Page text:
Only President can pick backward classes, says SC, upholds 102nd amendment | India News



NEW DELHI: In an important decision which could have wider ramifications, the Supreme Court by a majority declared on Wednesday that only the President (read the Centre) can take decisions on declaring socially and educationally backward communities for granting reservation and upheld the 102nd constitutional amendment denuding the power of states in this regard.
A five-judge Constitution bench of Justices Ashok Bhushan, L Nageswara Rao, S Abdul Nazeer, Hemant Gupta and S Ravindra Bhat was unanimous on the validity of the 102nd constitutional amendment but differed on its implication for recognising socially and educationally backward classes (SEBCs).
The majority, comprising Justices Rao, Gupta and Bhat, concluded that the amendment has taken away the power of states to decide on designating SEBCs and now only the President can take a decision. However, Justices Bhushan and Nazeer held that states can also identify SEBCs and there would be two lists – central and state lists – of backward communities as has been the practice for the last 68 years.
State governments have been expanding the list of SEBCs, the official jargon for “OBC status”, which entitles the recipient community to quota benefits, and the verdict means states will now be restricted to making recommendations to the Centre in favour of the “aspiring” backwards.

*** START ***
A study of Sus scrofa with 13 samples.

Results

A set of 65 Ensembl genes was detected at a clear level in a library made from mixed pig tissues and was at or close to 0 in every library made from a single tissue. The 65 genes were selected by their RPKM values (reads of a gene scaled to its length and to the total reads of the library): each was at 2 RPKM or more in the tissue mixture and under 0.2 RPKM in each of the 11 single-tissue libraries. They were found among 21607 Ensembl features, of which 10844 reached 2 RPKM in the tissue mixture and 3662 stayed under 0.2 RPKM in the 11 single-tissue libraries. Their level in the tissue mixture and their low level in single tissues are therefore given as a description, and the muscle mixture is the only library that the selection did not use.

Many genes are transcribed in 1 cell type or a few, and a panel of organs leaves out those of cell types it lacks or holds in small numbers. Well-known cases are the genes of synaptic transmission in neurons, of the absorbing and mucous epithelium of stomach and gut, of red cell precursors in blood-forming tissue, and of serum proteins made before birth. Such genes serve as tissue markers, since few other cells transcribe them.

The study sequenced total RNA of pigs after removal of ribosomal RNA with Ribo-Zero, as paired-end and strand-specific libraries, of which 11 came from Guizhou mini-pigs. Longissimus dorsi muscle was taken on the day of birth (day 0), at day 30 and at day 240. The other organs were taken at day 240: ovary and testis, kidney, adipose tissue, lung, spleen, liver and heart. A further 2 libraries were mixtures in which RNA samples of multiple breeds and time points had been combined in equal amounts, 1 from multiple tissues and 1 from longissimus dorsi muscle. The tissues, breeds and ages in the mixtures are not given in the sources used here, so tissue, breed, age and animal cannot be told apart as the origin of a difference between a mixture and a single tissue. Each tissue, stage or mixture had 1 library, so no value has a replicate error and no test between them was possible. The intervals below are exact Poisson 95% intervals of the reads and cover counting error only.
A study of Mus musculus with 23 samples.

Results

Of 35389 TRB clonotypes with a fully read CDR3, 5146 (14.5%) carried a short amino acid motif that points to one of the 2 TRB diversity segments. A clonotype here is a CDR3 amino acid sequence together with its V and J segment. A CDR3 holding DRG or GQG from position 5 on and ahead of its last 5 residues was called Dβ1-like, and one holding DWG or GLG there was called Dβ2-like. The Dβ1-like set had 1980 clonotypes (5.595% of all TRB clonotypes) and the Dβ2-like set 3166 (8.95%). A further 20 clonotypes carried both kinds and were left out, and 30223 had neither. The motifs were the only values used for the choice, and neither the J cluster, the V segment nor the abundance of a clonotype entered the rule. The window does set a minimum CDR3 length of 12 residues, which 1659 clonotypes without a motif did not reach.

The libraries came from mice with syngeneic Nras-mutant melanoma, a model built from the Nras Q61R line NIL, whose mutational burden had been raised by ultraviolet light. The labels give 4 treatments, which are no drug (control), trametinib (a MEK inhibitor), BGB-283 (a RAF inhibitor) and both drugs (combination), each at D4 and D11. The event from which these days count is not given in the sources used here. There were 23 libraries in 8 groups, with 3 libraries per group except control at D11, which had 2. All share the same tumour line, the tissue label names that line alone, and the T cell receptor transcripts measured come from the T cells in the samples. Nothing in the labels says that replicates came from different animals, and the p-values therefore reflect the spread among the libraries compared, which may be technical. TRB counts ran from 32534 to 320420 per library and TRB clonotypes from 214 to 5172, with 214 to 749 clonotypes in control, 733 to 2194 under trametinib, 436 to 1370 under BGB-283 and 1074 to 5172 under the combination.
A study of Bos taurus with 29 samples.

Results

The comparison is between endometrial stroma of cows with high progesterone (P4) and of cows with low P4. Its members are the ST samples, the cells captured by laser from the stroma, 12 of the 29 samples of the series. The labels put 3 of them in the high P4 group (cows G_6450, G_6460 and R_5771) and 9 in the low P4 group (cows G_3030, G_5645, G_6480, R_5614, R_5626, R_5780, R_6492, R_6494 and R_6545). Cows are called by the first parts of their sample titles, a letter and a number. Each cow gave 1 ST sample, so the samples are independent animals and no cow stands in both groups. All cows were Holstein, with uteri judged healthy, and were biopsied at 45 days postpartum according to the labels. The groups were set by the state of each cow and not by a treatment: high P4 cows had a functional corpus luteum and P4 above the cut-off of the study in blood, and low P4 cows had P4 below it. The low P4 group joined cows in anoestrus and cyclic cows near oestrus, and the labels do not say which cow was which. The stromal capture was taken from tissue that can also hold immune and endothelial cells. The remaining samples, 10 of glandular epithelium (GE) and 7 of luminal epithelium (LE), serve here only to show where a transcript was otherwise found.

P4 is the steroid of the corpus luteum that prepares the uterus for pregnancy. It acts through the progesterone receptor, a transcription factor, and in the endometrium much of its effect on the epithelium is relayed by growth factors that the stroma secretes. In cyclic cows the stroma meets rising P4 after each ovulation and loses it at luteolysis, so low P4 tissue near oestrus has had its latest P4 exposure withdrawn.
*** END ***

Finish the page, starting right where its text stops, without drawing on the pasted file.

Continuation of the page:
The response of the Centre to the verdict could be interesting. It had said the power to identify SEBCs lies with Parliament only with reference to the central list and states can have a separate lists.
But the majority of the bench felt otherwise. “By introduction of Articles 366 (26C) and 342A through the 102nd amendment, the President alone, to the exclusion of all other authorities, is empowered to identify SEBCs and include them in a list to be published under Article 342A (1), which shall be deemed to include SEBCs in relation to each state and Union territory for the purposes of the Constitution. The states can, through their existing mechanisms, or even statutory commissions, only make suggestions to the President or the Commission under Article 338B, for inclusion, exclusion or modification of castes or communities,” Justice Bhat said.
The 102nd amendment was brought to give constitutional status to the National Commission for Backward Classes and Article 366(26C) and 342-A were introduced as per which the President can notify a class as SEBC.
Justice Bhat said as per the amendment, there will be only one list and it “ can only be amended through a law enacted by Parliament”.
Justice Bhushan, however, said backward classes were all this while being identified by the respective state governments which provided reservation under Articles 15(4) and 16(4) and the same should continue.
“The Constitution Bench of Indra Sawhney held each state government is fully competent to identify backward classes and this is why the Sawhney (verdict) directed for appointment of a permanent body, both by Union as well as by the state, and consequently commissions were constituted— National Backward Classes Commission and State Backward Classes Commission. To reverse the entire scheme, a clear and explicit constitutional amendment, was necessary. There is no express indication in the 102nd constitutional amendment that the power of the state is being taken away,” he said.